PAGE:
Seeing the one among the crowd - Hungarian Baptist Aid continuing to serve after 26 years



For 26 years, Hungarian Baptist Aid (HBAid) has been responding as witnesses of hope during wars and natural disasters. Béla Szilágyi, the current president of HBAid, left career prospects in law after finishing university to be a founding member of the board of HBAid in 1996 and later joined as an employee in 2000. After 22 years of service responding to crises in Chechnya, Afghanistan, Kosovo, Bosnia, and Syria, he now is overseeing the response to Ukraine. Over the summer, he shared his reflections on working with HBAid and how responding to Ukraine has been different from other aid responses.


In some ways for Béla, war is war. Regardless of the circumstances, the suffering, terror, and death that come along with the evils of war are always difficult to experience first-hand. Yet Ukraine still has been different for many Hungarians. With so many Hungarians living in Ukraine and so many Ukrainians living in Hungary, the war is hitting much closer to home. He commented, “when people started to flee it was like welcoming family, welcoming a very close friend, welcoming people who were neighbours.” This feeling has been felt across Europe as many are realising just how robust their local communities of Ukrainians were prior to the war breaking out.


Even in the midst of the suffering of war, Béla still sees God working. He noted that in aid work it is very easy to become detached from the humanity of the work, looking instead only at numbers, reports, structures, and donors. Yet he has felt God reminding him and his team to not forget about the individual among the crowds. He pointed to the ways that Jesus noticed individuals among the crowd, saying “Jesus was in the crowd and he was able to notice Zaccheus. He was in the crowd, and he was able to notice the woman who caught his garment. He was in the crowd and was able to see blind Bartimaeus who everyone wanted to keep away from Jesus.” He shared a few of the individuals that have not been overlooked by HBAid in the past few months.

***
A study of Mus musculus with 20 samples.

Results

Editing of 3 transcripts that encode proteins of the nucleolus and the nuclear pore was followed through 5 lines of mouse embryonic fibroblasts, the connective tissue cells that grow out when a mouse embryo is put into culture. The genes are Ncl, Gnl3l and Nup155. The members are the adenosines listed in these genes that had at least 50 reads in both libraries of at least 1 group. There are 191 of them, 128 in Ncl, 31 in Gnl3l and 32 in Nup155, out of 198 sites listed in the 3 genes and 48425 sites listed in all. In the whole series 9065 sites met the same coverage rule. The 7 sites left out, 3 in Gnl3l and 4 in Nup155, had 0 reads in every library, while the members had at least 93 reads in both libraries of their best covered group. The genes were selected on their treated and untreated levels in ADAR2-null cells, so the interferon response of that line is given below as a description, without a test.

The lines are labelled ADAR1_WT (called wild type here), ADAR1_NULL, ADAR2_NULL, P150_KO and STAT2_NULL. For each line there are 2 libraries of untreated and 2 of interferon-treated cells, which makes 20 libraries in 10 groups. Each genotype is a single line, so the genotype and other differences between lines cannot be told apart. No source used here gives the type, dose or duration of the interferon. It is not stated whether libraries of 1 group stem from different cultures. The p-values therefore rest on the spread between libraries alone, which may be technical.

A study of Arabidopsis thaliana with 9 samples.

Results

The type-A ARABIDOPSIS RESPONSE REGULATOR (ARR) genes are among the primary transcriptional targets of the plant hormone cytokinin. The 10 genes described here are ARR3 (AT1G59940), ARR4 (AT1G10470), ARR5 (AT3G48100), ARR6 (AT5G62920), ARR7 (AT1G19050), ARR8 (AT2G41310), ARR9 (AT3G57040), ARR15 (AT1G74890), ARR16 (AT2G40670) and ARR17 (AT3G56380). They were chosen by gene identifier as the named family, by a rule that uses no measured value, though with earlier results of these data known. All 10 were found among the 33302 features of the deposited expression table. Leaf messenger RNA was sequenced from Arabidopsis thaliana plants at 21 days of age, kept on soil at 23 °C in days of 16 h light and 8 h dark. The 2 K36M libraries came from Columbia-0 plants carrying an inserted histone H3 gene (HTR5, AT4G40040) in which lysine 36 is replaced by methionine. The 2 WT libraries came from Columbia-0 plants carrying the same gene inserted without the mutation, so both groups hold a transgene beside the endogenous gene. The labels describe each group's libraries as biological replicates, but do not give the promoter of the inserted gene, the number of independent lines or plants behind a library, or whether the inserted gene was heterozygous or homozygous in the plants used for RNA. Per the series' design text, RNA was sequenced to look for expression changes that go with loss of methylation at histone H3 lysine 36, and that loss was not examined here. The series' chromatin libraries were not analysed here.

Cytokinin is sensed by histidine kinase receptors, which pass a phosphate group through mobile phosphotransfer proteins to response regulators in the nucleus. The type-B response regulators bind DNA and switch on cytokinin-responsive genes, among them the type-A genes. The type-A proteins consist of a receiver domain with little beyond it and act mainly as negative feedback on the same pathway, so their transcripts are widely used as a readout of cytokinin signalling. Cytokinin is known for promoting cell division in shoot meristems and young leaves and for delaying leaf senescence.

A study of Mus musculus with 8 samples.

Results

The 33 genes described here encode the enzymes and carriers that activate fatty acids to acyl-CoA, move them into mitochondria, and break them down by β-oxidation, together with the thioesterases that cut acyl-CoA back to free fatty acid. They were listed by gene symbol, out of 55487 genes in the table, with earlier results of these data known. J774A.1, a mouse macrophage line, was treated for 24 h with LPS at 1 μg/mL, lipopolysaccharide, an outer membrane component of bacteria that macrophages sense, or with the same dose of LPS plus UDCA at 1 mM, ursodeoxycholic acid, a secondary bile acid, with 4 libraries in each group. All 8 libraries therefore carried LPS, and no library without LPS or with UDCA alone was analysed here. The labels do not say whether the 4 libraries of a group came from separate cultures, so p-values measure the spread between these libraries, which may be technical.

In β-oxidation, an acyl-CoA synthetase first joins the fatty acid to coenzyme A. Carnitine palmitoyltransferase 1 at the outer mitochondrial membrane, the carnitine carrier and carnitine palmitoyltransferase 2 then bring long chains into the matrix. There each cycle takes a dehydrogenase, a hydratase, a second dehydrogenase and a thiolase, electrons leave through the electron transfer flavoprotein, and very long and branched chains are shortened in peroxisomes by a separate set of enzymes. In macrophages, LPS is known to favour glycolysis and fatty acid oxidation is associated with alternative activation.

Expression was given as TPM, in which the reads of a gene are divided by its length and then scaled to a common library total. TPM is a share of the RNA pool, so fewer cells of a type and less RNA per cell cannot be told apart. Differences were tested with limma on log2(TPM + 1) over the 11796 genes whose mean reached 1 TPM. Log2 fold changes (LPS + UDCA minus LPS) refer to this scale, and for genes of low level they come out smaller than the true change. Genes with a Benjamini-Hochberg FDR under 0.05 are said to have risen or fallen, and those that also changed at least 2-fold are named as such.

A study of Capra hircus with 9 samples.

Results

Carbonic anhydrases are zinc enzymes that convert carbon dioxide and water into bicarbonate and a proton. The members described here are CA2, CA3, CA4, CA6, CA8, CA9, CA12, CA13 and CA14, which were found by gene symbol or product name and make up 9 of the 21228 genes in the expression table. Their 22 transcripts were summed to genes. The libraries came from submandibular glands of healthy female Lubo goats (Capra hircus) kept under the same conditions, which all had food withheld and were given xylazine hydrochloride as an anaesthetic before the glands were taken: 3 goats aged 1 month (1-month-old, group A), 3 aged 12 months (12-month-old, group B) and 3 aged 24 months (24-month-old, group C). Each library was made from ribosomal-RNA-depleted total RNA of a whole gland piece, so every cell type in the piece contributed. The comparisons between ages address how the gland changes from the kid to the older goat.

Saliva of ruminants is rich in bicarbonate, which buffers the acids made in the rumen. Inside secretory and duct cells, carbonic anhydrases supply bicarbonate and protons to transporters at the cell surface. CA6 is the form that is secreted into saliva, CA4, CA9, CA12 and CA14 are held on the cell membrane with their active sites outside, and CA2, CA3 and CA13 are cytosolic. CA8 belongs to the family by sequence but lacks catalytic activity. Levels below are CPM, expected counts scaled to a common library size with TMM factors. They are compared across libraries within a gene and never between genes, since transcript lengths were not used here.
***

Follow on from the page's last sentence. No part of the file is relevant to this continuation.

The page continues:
There is a nine-and-a-half-year-old Alina* whose father died and mother abandoned her and after suffering abuse from her alcoholic grandmother was left at an orphanage in Rivne. Because of the orphanage's proximity to the airport, the kids had to spend six nights in the cellar because of rockets falling. Béla met Alina closer to the Hungarian border after they were able to escape. After playing games with the kids, distributing aid, and praying for them Alina came up to Béla and asked, “are you going to leave me as everyone else did in my life?” Béla visited her for the next consecutive weeks to assure her that she would not be left behind.



There is Dima* who, with his wife, has one biological child and 11 other adopted children between six and eighteen years old. As they were pulling out of their street fleeing their home, the family watched a rocket fall on their house and explode. Further down the road a rocket fell on a fuel station and exploded as they passed by. When Dima recalled the story to Béla he said, “God made me a promise that if I adopted these children, then he would take care of us and protect us no matter what. I never imagined it would be such literal protection from harm. As long as I live, I will tell my children the story of how God saved us like he saved the Jews fleeing Egypt.”


And there is Diana* a middle-aged woman who Béla met in the Irpin region. She fled from Irpin the night the war started because her home’s proximity to the Antonov airport was targeted by rockets. She escaped the horrors that occurred in Bucha but returned once the Russian soldiers had retreated to find her apartment building partially destroyed and leaking in multiple places. When Béla met her she was in her small partially destroyed garden cleaning her raspberry bush and harvesting berries. She said to him, “I will not allow destruction to take my life away.”


Béla noted that seeing pastors in the Baptist family who stayed behind in occupied and conflict areas of Ukraine encouraged him to keep working– those who had the resources to leave for safety, but chose to stay behind and minister to those who could not leave. These are the people and the stories that keep Béla and the HBAid team motivated after so many years. For Béla this is not simply a job, but a calling. He has had many offers to switch out of aid work but has chosen to stay serving with HBAid.


“Over the past 22 years, I have received so much more spiritually than I have ever given to others,” he said. This is the math of God’s Kingdom that is often foreign to the world. That the least of these and seemingly undeserving are the ones who receive God’s abundant grace and care. The ones whom Jesus sees among the crowds and whom Béla and the HBAid team continue to serve so faithfully.


*Names have been changed to protect those mentioned.